May 1996

The Campaign for Tobacco-Free Kids announced on February 12 that a new national organization centered in Washington, DC and focusing on youth tobacco use prevention would open this summer (News Release, "Multi-Million Dollar Center Founded to Curb Tobacco Use By Children," Campaign for Tobacco-Free Kids, February 12, 1996; "Center Formed to Curb Tobacco Use by Children," Substance Abuse Letter, February 20, 1996, p. 5).

The National Center for Tobacco-Free Kids will open in June with $30 million in grants from the Robert Wood Johnson Foundation, The American Cancer Society, the Annie B. Casey Foundation, the Conrad Hilton Foundation, the Kaiser Family Foundation, the American Heart Association, and the American Medical Association.

The Center will focus on promoting policies to reduce youth tobacco use and countering tobacco industry interests. William D. Novelli, Director of the Campaign for Tobacco-Free Kids, will serve as the Center's president.

"For decades our families and communities have been manipulated by the tobacco industry, a powerful force that spends billions to attract kids, to control special interest politics and to protect its profits," Novelli said in a statement. "We'll never match them dollar for dollar, but this bold initiative will have the resources to keep tobacco companies from addicting new generations of smokers."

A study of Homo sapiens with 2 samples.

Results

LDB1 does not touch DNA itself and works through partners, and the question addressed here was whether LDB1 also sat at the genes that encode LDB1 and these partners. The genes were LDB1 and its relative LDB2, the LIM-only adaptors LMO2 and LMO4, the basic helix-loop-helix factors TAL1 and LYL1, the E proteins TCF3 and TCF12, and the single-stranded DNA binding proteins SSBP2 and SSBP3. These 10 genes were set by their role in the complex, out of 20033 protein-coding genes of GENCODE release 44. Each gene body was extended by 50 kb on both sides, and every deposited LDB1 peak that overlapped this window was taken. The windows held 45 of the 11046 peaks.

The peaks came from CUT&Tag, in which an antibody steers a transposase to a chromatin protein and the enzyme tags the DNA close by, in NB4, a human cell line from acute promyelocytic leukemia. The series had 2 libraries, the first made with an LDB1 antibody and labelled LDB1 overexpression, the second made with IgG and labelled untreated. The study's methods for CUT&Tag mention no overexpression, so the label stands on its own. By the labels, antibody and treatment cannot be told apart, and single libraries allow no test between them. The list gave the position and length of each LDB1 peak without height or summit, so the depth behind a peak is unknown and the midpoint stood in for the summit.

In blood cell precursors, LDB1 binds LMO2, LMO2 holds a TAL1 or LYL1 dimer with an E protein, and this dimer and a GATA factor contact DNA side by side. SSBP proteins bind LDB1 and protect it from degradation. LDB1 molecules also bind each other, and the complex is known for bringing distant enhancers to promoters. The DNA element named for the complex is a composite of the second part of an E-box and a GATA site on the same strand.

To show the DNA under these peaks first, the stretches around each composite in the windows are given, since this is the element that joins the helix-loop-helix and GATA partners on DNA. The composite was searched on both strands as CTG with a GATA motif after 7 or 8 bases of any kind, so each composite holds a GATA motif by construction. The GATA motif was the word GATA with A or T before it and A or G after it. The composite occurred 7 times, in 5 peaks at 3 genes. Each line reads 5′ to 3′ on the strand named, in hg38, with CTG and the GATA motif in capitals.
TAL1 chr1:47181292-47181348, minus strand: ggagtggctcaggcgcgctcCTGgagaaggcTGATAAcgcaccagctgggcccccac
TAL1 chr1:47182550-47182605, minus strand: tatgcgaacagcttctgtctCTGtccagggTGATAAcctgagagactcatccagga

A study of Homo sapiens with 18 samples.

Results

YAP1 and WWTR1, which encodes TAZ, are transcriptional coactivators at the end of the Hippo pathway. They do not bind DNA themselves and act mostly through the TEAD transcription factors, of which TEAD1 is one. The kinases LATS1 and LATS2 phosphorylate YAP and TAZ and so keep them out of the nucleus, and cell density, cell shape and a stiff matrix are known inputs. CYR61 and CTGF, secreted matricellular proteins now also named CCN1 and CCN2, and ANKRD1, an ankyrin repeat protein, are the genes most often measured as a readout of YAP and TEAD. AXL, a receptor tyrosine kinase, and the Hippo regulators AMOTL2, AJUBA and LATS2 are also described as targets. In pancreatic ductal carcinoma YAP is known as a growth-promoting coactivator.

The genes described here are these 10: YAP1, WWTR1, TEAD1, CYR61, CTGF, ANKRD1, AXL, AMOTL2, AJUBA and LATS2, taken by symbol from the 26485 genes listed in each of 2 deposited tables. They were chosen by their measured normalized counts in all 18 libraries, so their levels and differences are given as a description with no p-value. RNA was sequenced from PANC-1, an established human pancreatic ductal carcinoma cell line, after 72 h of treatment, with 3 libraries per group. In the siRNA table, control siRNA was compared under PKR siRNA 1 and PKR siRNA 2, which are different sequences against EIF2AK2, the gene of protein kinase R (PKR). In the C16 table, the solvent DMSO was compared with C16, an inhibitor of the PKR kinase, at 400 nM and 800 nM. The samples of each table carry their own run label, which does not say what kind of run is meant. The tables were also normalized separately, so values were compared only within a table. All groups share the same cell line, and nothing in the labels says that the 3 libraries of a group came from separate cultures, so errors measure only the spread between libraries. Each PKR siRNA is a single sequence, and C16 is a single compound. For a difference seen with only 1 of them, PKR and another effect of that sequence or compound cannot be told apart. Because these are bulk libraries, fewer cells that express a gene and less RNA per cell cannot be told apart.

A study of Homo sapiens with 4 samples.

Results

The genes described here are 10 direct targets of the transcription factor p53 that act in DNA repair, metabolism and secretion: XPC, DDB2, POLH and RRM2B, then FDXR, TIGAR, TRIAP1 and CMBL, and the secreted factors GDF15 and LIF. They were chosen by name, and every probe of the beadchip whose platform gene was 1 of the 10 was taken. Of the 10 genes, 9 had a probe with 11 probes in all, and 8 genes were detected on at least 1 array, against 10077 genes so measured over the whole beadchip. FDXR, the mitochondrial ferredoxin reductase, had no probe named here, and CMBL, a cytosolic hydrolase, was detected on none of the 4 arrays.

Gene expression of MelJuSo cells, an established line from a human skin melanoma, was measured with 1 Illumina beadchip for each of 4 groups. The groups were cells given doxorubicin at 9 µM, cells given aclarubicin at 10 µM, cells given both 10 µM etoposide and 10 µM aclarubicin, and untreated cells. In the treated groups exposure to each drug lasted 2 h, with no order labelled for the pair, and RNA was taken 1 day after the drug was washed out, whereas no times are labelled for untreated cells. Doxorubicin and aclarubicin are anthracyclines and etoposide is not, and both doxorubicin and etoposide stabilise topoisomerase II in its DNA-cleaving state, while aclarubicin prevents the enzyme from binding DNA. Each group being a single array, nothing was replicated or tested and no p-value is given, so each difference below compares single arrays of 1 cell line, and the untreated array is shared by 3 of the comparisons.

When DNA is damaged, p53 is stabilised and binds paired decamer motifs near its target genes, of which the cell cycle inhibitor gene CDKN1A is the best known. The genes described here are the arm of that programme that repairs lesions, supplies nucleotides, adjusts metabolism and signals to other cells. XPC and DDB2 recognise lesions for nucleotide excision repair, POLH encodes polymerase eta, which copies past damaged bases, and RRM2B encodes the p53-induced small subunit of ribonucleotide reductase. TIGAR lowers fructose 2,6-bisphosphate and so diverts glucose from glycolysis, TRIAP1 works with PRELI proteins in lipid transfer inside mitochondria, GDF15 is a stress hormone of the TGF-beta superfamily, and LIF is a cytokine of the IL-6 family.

University of California Professor Stanton Glantz, an anti-smoking advocate, called the National Center for Tobacco-Free Kids "a total waste of money" (Barnaby J. Feder, "Critic Calls Anti-Smoking Drive Misdirected," New York Times, April 1, 1996, p. A12).

He has argued that a youth-centered anti-smoking emphasis indirectly reinforces the tobacco industry message that smoking by adults is acceptable and pleasurable. The focus on youth smoking also takes attention away from other reforms, such as instituting a national smoking ban in workplaces.

Other advocates criticized Glantz for splitting the anti-smoking movement. "You don't need to have someone saying you should focus on something else just when you are about to achieve some of your goals," said Bill Godshall, head of Smoke-Free Pennsylvania in Pittsburgh.

[For more information about the new center, contact the Campaign for Tobacco-Free Kids, 1707 L Street, NW, Suite 400, Washington, DC 20036, 202-296-5469.]